One cup of coffee in the morning used to suit me just fine. Years ago when I worked in Manhattan, there was one particular coffee cart I frequented, and that became my morning ritual. For a long time I thought of coffee as more of a warm drink to start my mornings than a caffeine boost.
Then my husband started to snore, waking me up throughout the night.
Then I had kids.
Then I started a website.
Then I had to start waking up before dawn in order to make a dent in my daily to-do list. Now I can’t get my day started without two cups of coffee in the morning. Well, at least two. Sometimes I switch over to caffeinated tea.
It’s a good thing my morning ritual didn’t morph into a dependency until after having children. A study released in January found that more and more people are becoming dependent on caffeine. So much so that they suffer withdrawal symptoms and have serious difficulty reducing their caffeine consumption, even if they have another medical condition that may be impacted by caffeine use. Pregnancy, heart conditions, and bleeding disorders can all be impacted by caffeine.
We live in a caffeine-infused world now. Coffee joints have become our cubicles, our conference rooms, and our living room sofas. Big deals are made, and friends are reunited all over cups of coffee. We don’t even have to brew at home anymore. Just throw a pod in a machine, and within seconds you have coffee.
Our caffeine fix goes beyond coffee and tea, too. We get it from chocolate, soda, sports drinks, and even in some pain relievers. Because the amount caffeine in a product does not have to be labeled, we generally have no idea how much caffeine we are actually consuming on a daily basis.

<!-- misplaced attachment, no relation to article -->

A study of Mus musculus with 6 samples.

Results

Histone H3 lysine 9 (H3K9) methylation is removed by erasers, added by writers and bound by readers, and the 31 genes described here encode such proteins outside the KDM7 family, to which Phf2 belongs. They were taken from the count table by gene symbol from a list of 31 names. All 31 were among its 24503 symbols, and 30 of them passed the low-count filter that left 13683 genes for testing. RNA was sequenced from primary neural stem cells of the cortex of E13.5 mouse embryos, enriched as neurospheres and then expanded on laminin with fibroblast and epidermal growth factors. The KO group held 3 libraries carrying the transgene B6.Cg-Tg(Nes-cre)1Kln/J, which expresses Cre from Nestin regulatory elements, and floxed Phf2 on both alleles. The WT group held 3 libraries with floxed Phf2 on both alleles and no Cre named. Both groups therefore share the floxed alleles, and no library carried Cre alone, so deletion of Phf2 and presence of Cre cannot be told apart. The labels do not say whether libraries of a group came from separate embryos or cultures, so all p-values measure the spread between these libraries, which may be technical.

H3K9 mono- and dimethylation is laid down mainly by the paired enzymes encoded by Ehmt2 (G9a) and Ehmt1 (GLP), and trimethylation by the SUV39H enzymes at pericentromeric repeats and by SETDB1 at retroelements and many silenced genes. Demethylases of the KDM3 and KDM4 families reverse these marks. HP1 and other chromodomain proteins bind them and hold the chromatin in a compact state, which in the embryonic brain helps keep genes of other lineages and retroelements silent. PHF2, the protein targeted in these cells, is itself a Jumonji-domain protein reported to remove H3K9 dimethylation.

Those of us with a lower caffeine consumption (around two cups of coffee per day) will generally feel an improvement in mood and alertness. Without our caffeine, we could be sleepy and probably lethargic. People who consume more caffeine on a regular basis may experience more serious side effects, like increased anxiety, jitteriness, and an upset stomach.
This phenomenon of dependency, known as “Caffeine Use Disorder,” has been dubbed a health concern in need of more clinical research by the American Psychiatric Association. Each person may vary in their sensitivity to caffeine and their withdrawal effects, but more than half of regular caffeine users said they had difficulty quitting or reducing their caffeine consumption.
Where do you fit into the caffeine mix? Are you a casual consumer or someone who needs a cup (or three) of Joe to make it through the day?